Cover for the board game, “Dungeons and Dragons.” In the LGBTQ* Center, the Tabletop Club and LGBTQ* Services hosted a lively session of Dungeons & Dragons (D&D) on Oct. 15. PUBLIC DOMAIN

A plan to assassinate a greedy baron. One failed attempt to get them to drink the wine, a wine that is notably “to die for” and a toast that finally gets the poison into the villain’s system. It wouldn’t take much to imagine all of this happening and during a session of Dungeons and Dragons, it came to life. In the newly established LGBTQ* Center, the Tabletop Club and LGBTQ* Services hosted a lively session of Dungeons & Dragons (D&D) on Oct. 15 to help students have some fun on the last day of Fall Break.

Although fun and relaxation were the main goals, they wanted to give students a chance to indulge in identities, something many LGBTQ* students struggle with. Dungeons & Dragons, as a tabletop role-playing game (TTRPG), allows players to dictate their actions. This freedom leads to vivid storytelling that makes games like D&D a cultural staple. 

So, what brought the Tabletop Club and LGBTQ* Services together?

Rachel Meng, a junior majoring in business management and a concentration in finance, is vice president of the Tabletop Club. She found the Ga(y)me Day event to be a place where students struggling with their identity can immerse themselves in a world where there are no limits to who you can be.


“For many of our club members and experienced participants in the event, TTRPGs, D&D, in particular, have been a refuge for them to explore their own identities without any judgment by ‘being’ a character,” Meng said.

Identity is one of the biggest pillars of surviving as LGBTQ* youth, and there is a need for spaces to explore who you are and who you don’t want to be. In a world where everything is binary and youths are forced to make impactful decisions, spaces like the LGBTQ* Center give students a chance to learn who they are on levels they weren’t previously privy to.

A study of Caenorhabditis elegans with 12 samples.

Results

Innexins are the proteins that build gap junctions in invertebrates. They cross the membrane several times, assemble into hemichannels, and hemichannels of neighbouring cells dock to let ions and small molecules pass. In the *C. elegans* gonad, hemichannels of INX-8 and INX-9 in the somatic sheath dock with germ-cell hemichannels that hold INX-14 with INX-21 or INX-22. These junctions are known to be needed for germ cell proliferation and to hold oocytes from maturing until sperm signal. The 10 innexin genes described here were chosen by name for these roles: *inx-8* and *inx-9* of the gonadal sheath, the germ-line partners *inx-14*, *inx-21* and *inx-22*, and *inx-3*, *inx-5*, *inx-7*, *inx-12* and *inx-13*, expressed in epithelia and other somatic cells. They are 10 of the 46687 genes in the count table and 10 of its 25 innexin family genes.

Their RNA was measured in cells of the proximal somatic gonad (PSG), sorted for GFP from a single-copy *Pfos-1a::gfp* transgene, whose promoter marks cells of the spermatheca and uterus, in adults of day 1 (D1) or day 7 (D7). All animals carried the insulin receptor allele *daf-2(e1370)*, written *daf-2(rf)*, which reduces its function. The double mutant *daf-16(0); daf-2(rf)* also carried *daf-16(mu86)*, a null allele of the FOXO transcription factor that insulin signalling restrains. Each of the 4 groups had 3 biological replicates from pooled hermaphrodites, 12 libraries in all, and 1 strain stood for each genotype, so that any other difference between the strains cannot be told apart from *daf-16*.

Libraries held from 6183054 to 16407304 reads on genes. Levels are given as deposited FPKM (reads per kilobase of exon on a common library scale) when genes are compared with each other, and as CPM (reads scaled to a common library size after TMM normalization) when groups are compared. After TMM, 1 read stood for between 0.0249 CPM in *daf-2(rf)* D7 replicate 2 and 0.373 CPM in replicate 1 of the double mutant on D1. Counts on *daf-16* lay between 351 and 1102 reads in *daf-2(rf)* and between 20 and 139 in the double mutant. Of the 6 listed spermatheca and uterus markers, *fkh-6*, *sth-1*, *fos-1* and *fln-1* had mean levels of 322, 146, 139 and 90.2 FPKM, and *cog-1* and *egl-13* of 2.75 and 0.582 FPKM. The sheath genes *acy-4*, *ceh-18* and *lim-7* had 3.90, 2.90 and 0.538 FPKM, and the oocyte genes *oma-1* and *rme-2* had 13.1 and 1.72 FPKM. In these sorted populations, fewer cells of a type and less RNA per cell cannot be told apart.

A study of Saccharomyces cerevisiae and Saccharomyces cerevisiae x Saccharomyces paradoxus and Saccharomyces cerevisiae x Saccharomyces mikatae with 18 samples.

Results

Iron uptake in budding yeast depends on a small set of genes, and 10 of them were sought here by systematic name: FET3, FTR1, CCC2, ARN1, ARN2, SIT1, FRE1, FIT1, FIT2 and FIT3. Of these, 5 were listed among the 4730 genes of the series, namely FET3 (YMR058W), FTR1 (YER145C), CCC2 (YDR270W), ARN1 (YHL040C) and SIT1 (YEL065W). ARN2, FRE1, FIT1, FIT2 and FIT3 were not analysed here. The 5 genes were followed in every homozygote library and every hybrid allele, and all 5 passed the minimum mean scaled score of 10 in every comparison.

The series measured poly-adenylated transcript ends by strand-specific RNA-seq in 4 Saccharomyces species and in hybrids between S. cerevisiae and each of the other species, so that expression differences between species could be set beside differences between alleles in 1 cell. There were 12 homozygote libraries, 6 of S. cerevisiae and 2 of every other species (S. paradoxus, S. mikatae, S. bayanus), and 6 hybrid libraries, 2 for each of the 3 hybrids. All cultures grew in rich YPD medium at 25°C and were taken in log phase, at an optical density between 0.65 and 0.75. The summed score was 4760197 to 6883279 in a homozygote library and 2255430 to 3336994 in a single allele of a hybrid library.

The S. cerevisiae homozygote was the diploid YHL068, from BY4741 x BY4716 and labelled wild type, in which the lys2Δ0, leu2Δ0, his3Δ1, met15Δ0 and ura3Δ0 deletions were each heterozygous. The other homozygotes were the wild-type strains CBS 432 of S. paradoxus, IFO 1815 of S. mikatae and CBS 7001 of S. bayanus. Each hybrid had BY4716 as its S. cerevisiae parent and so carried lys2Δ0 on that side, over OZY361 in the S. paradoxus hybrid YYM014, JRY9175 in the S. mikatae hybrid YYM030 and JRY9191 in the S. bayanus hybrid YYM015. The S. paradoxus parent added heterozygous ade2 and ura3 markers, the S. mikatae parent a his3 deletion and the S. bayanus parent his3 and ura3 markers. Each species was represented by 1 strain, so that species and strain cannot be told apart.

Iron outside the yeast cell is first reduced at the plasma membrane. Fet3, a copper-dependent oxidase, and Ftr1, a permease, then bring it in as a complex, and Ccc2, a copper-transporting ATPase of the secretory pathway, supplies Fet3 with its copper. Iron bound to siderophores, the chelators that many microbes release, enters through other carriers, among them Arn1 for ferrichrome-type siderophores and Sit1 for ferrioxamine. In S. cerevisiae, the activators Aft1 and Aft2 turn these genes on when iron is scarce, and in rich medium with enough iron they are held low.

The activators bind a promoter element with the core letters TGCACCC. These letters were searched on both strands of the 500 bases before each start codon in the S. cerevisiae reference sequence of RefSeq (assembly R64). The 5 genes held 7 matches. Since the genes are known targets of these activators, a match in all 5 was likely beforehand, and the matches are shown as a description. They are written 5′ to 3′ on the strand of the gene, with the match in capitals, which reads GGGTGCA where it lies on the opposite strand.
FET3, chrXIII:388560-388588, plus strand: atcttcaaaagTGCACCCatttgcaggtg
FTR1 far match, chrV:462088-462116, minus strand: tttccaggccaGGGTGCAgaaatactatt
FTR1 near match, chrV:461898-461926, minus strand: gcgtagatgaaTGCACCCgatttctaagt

The LGBTQ* Center was established in 2018 to provide a space of refuge and fun for those within the LGBTQ* community. According to their website, the center helps people with “finding community, developing their understanding of LGBTQ* issues, and seeking support or advocacy for their needs.”

Alex Penney, a Graduate Coordinator at LGBTQ* Services, praises the center’s ability to impact the LGBTQ* community at Stony Brook. “Having this space gives us more flexibility in holding events and programs of different varieties.”


Most clubs and organizations are careful to only hold events during times when school is in session, avoiding long weekends and breaks. However, LGBTQ* Services saw it was important to make sure this event was held during Fall Break; not all students make it home for break, sometimes for reasons out of their control.

Penney understands this, noting that “this is especially tough for individuals in the LGBTQ* community, where home may not be a space of comfort.” Rather than the break being a fun time to relax, it’s just a reminder of the hardships one may face for living their truth. Events like Ga(y)me Day can change that.

While the event has many objectives, Meng finds that the Tabletop Club’s most important goal “was for every participant to have fun.” With new events happening often, there are always chances for students of the Stony Brook community to have fun.